With puberty firmly behind you, you look forward to a life without the roller coaster ride of fluctuating hormone levels and the side effects they bring, especially the patchwork of acne that covered your skin. So why does it still persist, even into your 30s and beyond?
Here at Dermatology Center of Northwest Houston, we help our clients in Cypress, Texas, gain the upper hand on adult acne, giving them skin that doesn’t harken back to the ungainly yearbook photos of old.
If you’d like to learn why you can still get acne in your 30s and what you can do about it, we’ve pulled together everything you need to know below.
Sorting through the myths
Acne is the most common skin condition in the United States, affecting 40-50 million people, and it’s also the least understood. If you do an internet search for treating acne, you get over 32,000,000 search results in under two seconds. Rather than wading through an internet search, here are a few facts about acne:
For years, many people believed that what you ate contributed to acne, especially chocolate. The fact is that there’s very little evidence that ties diet to acne, which doesn’t mean to say that what you eat doesn’t influence or worsen your acne, but there’s scant research to back up that claim.
As well, your hygiene doesn’t appear to play a role in acne. Yes, you should keep your skin free from dirt, but trying to scrub away acne may actually make it worse by irritating the condition. The bottom line is that acne may be aggravated by excessive dirt, grime, and sweat, but hygiene doesn’t cause acne in the first place.
And now for the facts
What does influence acne are your hormones and your genetics, so let’s start with hormones. Acne is caused when your sebum (oil) glands in your skin become clogged with bacteria. Androgens, which are primarily male hormones, exist in both sexes and cause your sebum pores to enlarge and become more active, which can lead to acne.
This explains why puberty, which is characterized by hormone surges in both boys and girls, is rife with acne as their sebum glands become overactive. Once you pass through puberty, your hormones level off, but women continue to experience smaller fluctuations with their menstrual cycles, which is why adult women are more prone to acne.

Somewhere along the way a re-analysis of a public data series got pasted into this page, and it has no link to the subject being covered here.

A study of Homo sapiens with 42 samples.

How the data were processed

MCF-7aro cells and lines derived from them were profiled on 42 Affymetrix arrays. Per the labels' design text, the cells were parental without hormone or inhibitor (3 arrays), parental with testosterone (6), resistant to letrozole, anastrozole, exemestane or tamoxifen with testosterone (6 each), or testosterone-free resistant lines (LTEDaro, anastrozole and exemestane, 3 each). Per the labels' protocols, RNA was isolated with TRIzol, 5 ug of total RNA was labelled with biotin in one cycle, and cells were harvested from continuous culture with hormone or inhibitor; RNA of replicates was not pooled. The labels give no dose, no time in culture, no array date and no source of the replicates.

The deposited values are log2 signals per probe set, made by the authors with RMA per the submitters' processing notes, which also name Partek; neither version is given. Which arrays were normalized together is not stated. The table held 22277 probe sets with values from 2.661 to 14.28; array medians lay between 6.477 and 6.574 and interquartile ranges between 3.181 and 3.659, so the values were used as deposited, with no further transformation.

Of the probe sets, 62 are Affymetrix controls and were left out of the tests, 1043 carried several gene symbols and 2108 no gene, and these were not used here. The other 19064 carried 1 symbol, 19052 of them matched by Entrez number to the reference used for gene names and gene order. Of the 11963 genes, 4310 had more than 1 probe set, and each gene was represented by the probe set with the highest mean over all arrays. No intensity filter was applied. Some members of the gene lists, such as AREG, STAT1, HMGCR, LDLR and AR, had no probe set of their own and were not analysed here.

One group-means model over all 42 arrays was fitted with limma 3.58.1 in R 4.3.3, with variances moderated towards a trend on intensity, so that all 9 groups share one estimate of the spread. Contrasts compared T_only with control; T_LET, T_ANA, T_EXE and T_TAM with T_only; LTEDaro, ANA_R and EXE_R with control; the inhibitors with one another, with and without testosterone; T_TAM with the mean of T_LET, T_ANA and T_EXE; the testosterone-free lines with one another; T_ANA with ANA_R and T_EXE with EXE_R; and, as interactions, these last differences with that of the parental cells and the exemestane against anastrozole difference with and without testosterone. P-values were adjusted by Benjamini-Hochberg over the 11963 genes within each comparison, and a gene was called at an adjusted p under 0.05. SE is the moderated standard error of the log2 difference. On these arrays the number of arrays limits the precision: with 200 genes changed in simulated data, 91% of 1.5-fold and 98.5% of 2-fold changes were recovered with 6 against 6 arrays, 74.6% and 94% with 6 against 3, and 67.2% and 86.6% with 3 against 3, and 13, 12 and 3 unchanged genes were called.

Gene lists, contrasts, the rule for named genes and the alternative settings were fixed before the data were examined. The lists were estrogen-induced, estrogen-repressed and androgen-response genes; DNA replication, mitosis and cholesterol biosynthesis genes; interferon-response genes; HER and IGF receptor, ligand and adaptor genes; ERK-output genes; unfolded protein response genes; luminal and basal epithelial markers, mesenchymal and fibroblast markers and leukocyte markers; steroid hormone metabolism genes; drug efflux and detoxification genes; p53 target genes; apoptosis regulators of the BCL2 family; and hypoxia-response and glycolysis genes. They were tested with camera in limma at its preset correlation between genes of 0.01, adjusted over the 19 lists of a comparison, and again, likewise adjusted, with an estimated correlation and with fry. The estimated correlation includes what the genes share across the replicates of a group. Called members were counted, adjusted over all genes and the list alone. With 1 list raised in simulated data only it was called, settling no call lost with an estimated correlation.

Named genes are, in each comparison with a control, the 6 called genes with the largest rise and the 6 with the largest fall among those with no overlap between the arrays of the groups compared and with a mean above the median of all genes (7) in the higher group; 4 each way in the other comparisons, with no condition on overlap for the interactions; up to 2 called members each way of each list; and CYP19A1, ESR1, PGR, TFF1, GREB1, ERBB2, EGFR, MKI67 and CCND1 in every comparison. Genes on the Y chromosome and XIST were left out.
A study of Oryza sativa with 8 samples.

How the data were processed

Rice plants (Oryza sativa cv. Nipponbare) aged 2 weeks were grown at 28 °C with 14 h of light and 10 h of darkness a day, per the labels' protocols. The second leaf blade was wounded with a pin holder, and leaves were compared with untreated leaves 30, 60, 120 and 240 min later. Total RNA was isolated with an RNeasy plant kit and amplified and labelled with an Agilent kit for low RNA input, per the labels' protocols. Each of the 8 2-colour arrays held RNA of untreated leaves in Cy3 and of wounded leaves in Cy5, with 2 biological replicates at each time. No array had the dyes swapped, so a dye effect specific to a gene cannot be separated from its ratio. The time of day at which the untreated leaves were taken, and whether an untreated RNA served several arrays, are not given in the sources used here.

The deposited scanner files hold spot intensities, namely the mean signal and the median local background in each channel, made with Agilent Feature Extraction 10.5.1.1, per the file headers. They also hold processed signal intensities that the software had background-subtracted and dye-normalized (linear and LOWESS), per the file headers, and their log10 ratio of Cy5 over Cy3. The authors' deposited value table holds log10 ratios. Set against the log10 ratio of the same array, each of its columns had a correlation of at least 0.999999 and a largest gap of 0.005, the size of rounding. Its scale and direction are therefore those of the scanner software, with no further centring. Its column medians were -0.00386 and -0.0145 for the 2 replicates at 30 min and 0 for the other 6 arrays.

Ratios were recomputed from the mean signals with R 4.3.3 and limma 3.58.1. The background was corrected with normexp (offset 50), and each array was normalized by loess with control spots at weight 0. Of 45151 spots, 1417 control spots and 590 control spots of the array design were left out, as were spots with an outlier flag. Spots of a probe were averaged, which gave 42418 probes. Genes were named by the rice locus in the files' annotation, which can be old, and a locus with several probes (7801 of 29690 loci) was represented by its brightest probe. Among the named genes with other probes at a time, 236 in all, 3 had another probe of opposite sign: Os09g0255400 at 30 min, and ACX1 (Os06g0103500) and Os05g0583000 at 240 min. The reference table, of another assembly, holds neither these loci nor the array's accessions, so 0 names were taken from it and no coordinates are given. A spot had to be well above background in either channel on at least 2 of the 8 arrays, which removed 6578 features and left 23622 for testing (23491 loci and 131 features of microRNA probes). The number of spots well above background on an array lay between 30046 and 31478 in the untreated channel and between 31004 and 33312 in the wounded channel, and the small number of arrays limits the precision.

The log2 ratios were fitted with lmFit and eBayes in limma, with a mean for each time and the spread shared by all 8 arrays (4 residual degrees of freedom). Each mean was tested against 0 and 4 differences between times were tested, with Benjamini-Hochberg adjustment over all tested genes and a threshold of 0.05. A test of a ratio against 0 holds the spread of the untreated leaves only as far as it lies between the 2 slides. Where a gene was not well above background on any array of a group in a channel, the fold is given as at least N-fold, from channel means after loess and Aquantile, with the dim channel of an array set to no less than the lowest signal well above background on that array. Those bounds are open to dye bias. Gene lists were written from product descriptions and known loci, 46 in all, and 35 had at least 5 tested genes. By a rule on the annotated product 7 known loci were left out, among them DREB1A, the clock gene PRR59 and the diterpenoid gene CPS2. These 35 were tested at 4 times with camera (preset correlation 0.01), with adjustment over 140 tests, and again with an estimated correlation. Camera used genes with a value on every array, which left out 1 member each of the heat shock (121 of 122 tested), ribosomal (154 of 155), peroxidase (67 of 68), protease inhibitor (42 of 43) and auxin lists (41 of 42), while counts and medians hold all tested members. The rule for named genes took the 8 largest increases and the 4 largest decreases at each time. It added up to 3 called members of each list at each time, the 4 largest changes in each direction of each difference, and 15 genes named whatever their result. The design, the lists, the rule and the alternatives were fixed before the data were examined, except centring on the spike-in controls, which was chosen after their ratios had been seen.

With a few facts and myths put to rest, it still doesn’t answer the question about why you’re still getting acne in your 30s. While researchers are still trying to pinpoint the exact cause of acne, they have uncovered a few factors that contribute to the condition in adults.
Leading the charge, just as in your teens, are your hormones, especially among women who experience fluctuations throughout their reproductive years. As well, for women or men who are taking hormones for contraception or as part of hormone replacement therapy, acne can be one of the side effects.
Interestingly, stress appears to be associated with acne, and for people in their 30s, there’s ample stress to be had. Between building careers and families, it’s a busy time and there doesn’t seem to be enough hours in the day, which leads to stress.
Genetics also play a key role in whether you develop acne, so if your immediate relatives have struggled with bad acne, the odds are that you will, too, even as an adult.
Other contributors to acne include certain medications, as well as underlying medical conditions, such as polycystic ovary syndrome, which leads to increased androgens in women.
Acne is a frustrating condition to deal with, but not an impossible one. We have several great treatments here at our practice that includes prescription medications and topical creams. You can do your part by using only a mild cleanser on your face when you wash and avoiding makeup or lotions that clog your pores.
If you’re plagued by adult acne, please give us a call so we can help you clear up the condition as quickly as possible. Or you can use the online scheduler found on this website to request an appointment.